Kansas basketball coach Bill Self believes roster loaded with newcomers has plenty of time to put it all together
As the Kansas men’s basketball program full of new faces reaches the end of June, head coach Bill Self believes the team may actually be a little ahead of schedule compared to a season ago.
A big reason for that is the fact that the pandemic kept the Jayhawks from being on campus for the entirety of the summer of 2020.
This summer, it’s been back to normal, with most of KU’s players reporting to campus in early June. That has allowed the Jayhawks to workout together, stay in touch with the coaches and build the kind of chemistry they believe will be a key part of the 2021-22 season.
Coming together as a team will be particularly important for the 2021-22 Jayhawks given the fact that the roster is expected to include 10 players who are completely new to the program — eight scholarship players and two walk-ons.
While bringing so many new faces to town already has made this offseason different from most, Self recently told the Journal-World he was not at all worried about putting it all together.
“I think that’s our job to get them to do that,” he said during a recent phone interview. “And we have the whole summer together. Last year, with not having the summer and the way everything was moved back, I think it set back the quality of ball, especially for young kids entering the program. I don’t think it’ll be that way this year. I think the quality of ball will be better right off the bat just because we would have had June and July.”
Beyond the timeline working in KU’s favor, Self said he believed his coaching staff, which includes Jeremy Case still working in the role of interim assistant, is more eager than ever to get back to work and tackle the challenge of welcoming so many new players into the KU family.
“This is fun,” Self said during a recent appearance on the Courtside with Greenberg and Dakich podcast. “And it's also a little scary because they don’t have a clue yet on what you really want or what you think is important, which is fine. You’re not going to win any games in June anyway. But I think it's been refreshing and fun.”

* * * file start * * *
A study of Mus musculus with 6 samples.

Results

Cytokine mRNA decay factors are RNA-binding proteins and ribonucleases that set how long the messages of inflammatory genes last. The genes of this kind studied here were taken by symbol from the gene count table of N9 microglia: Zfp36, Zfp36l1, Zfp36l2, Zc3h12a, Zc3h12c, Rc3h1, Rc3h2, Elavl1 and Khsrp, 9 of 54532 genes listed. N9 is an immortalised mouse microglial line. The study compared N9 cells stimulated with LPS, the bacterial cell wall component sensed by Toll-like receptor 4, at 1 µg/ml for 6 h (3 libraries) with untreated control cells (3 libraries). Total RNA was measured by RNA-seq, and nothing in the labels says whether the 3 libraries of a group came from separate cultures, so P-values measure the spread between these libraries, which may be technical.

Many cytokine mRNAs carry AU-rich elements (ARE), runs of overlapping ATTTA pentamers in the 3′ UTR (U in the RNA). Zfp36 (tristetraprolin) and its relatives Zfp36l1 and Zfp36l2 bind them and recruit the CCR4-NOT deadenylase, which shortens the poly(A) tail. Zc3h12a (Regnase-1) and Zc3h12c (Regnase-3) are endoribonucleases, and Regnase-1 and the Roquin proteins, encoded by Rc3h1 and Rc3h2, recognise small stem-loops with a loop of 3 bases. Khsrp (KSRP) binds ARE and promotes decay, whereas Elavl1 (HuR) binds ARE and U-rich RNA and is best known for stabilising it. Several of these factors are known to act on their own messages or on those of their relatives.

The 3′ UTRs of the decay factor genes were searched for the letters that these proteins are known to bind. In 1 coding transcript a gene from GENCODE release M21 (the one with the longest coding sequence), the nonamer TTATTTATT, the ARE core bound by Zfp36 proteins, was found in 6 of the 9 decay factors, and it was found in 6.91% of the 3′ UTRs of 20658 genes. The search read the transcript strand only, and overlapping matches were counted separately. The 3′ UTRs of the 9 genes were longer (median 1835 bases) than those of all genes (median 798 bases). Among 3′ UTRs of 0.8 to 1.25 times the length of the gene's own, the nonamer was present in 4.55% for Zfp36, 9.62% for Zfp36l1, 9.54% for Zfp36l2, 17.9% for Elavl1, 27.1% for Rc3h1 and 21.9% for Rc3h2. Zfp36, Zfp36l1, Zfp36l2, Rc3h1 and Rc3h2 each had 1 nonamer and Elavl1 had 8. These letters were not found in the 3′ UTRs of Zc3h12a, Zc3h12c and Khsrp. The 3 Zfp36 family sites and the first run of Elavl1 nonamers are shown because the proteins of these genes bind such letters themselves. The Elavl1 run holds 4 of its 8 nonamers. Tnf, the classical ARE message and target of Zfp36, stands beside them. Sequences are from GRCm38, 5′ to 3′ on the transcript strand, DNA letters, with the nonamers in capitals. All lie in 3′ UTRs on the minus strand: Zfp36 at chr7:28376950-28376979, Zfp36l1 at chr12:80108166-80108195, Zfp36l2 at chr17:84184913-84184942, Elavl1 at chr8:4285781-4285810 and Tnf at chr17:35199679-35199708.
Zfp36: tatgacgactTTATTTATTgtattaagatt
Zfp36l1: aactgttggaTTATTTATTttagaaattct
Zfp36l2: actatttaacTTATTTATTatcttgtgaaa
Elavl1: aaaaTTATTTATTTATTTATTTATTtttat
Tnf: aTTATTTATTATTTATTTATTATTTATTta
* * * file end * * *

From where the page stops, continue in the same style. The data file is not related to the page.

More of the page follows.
Despite KU’s status as a consensus top-five program in the offseason polls, Self is well aware of the fact that getting all of these newcomers on the same page is far from automatic.
But he also noted that focusing on what each player needs to do individually to improve and be ready for the season will increase the odds of things coming together when the season gets rolling.
“We all struggle with different things, and experience does matter,” Self told the Journal-World. “We don’t want to play games in August and September. But I really believe that if we do our jobs and they come with the right mindset and the right attitude, we could be a team by the end of the year next year that's as cohesive as any team.
“Sometimes it works a little better than others. Guys get used to playing with each other and all these things. But that’s not the concern. My concern would be the talent, the work ethic, the responsibility, the discipline, the athletic ability. That would be my concern. Putting them together would be the easier part of it.”
For what it’s worth, a couple of KU’s top returners who have been through roster turnover before believe there’s plenty of time to gel.
“It's definitely been hectic, with all the new guys,” KU senior David McCormack said. “I've never been on a team with so many new people, but I think we have a great group of guys.”
Junior guard Christian Braun agreed.
“It's just building relationships every day,” Braun said. “We're here in the summer for a reason and one reason we come up here as early as we do is to get to know each other as people, more importantly, and then we'll get on the court and figure it out there. But we’ve got a lot of guys that are really talented, there’s a lot of competition and I think we’ll be ready.”